Site Quality & Stand Density
Site quality tells us how much timber a forest can potentially produce. Stand density is a measure of how many trees are growing per unit area. Together, site and density tell us how much timber we can produce, as well as what kind of wood quality we can expect at harvest time.
The productivity of your forest land is defined in terms of the maximum amount of volume that the land can produce over a given amount of time. Site quality is measured as an index related to this timber productivity.
Of all the indirect measures investigated, the rate of height growth has been the most practical, consistent, and useful indicator of site quality with respect to timber production. The standard practice has been to define site index in terms of the total height of the dominants - the largest, full-crowned trees in a stand. These trees capture the the most light, moisture, and nutrients of all trees in a stand.
Numerically, site index is the total height of the dominant trees in a stand at specified ages, usually 25, 50, or 100 years. In the South, pines are commercially mature between 25 and 40 years, depending on the product output, and a 25-year base age is often used.
Expressed as a number, a site index of 40 on a 25-year base means that the dominant trees will average 40 feet in total height at 25 years of age.
It is very important to understand that the productivity of timberlands varies greatly by site. On one site you may observe very good growth, while on another site, the same species at the same age may grow very poorly. Site quality can be changed by fertilization, vegetation control, irrigation, or drainage. Only highly intensive treatment can make a productive site out of a poor one.
Density is a measurable attribute of a stand. Stand density can describe how much a site is being used and the intensity of competition between trees for the site's resources (i.e., water, light, nutrients, space). At higher densities, the growth rates of individual trees slow down because there are more trees competing for the site's limited resources.
Stocking refers to the adequacy of a given stand density to meet some specified management objective. Hence, stands are often referred to as understocked, fully stocked, or overstocked. Stocking is a relative concept - a stand that is overstocked for one management objective may be understocked for another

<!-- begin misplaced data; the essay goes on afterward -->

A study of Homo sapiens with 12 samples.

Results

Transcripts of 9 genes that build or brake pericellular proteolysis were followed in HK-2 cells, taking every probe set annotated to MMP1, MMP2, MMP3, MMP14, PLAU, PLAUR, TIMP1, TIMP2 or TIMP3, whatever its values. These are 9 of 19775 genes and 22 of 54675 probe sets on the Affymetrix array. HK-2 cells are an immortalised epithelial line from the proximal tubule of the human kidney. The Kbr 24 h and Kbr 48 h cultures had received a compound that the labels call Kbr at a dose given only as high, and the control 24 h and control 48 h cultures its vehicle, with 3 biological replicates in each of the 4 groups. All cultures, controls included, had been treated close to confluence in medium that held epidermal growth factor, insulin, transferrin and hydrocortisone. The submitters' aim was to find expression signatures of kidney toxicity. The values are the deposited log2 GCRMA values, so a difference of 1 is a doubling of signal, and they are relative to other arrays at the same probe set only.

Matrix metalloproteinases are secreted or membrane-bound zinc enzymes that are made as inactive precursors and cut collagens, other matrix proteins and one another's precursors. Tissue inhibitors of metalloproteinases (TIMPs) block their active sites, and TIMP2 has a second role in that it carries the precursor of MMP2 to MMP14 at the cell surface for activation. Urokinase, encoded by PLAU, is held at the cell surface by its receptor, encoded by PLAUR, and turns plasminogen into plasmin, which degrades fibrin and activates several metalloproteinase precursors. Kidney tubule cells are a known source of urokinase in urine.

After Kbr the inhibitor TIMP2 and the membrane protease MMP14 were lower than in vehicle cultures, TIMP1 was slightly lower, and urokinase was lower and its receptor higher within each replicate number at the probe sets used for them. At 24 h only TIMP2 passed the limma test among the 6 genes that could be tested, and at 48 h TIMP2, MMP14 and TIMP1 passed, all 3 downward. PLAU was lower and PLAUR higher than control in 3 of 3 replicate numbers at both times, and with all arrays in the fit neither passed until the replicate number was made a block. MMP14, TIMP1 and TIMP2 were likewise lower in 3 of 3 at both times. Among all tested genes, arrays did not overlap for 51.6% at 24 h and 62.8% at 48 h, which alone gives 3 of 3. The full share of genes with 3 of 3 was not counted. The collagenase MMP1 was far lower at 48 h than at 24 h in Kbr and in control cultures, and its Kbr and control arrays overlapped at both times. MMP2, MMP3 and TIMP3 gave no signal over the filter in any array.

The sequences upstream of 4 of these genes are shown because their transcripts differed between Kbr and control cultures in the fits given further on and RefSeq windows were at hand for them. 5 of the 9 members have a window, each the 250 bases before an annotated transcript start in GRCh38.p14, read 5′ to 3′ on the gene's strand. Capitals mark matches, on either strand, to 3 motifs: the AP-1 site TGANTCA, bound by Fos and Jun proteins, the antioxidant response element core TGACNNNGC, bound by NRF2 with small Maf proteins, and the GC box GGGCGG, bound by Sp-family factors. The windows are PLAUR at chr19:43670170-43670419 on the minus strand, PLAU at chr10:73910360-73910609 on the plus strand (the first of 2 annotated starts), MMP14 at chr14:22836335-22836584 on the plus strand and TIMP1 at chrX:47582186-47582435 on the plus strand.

Measures of Density
In homogeneous, even-aged stands of known age, site quality, and history, the number of trees per acre is a useful stand density measure.
Another commonly used measure of density is the cord or cords per acre. A cord is 128 cubic feet of stacked roundwood (whole or split, with or without bark) containing wood and airspace, with all the pieces of similar length and lined up on approximately the same direction. Example: a pile of firewood 4' x 4' x 8'.
Since many objectives relate to volume, it is often used as a measure of density. Volume is interpreted in relation to some standard, such as the volume represented in a yield table, and is given as a percentage of stocking for a specified objective.
Basal area is a measure of stand density developed by foresters. It is the total cross-sectional area of the trees in a stand, at breast height (4.5 feet above the ground), measured in square feet per acre. Basal area (BA) of a given tree is calculated using the formula below:
- BA = .005454 * d2
- Where: d = diameter of tree at breast height (dbh)
Spacing rules are often used to guide thinning in order to leave a desired density in developing stands. While the space occupied by the roots and crowns of individual trees is difficult to determine, average space-size relationships can be estimated.
In general, trees occupy and need space in proportion to their size. Density, as measured in basal area can be expressed quite readily in terms of tree diameter and number of trees per acre.
For example, let's say that you want to leave 90 square feet of basal area per acre in your pine stand. What number of trees and average between-tree spacing is necessary to get a density of 90 square feet of basal area per acre?
- If the average basal area of the trees is 0.196 square feet, then 90/0.196, or 459 average-sized trees should be left per acre.
- The average land area per tree is the number of square feet per acre, 43,560, divided by 459, or 95 square feet. Assuming the trees occupy the corners of equal-sized squares, as in a pine plantation, the average between-tree spacing is the square root of 95 or 9.7 feet.
Since all trees in your plantation are likely not the same size, it would make life a lot easier to express spacing as a ratio of diameter. For any specific basal area per acre, the ratio between diameter in inches and spacing in feet is a constant. The formula used in computing the "diameter times" spacing figure for any given basal area or BA is:
- C = 15.4 / square root of desired BA
C = spacing figure or constant
BA = basal area
In our example, we want to leave 90 square feet of basal area per acre, so the spacing figure would be calculated:
- C = 15.4 / square root of 90 = 1.62
Therefore, the spacing between trees is:
- Spacing (feet) = dbh * C
Using this relationship, the spacing required for a tree 10 inches dbh, at 90 square feet basal area per acre, would be 10 * 1.62, or 16.2 feet.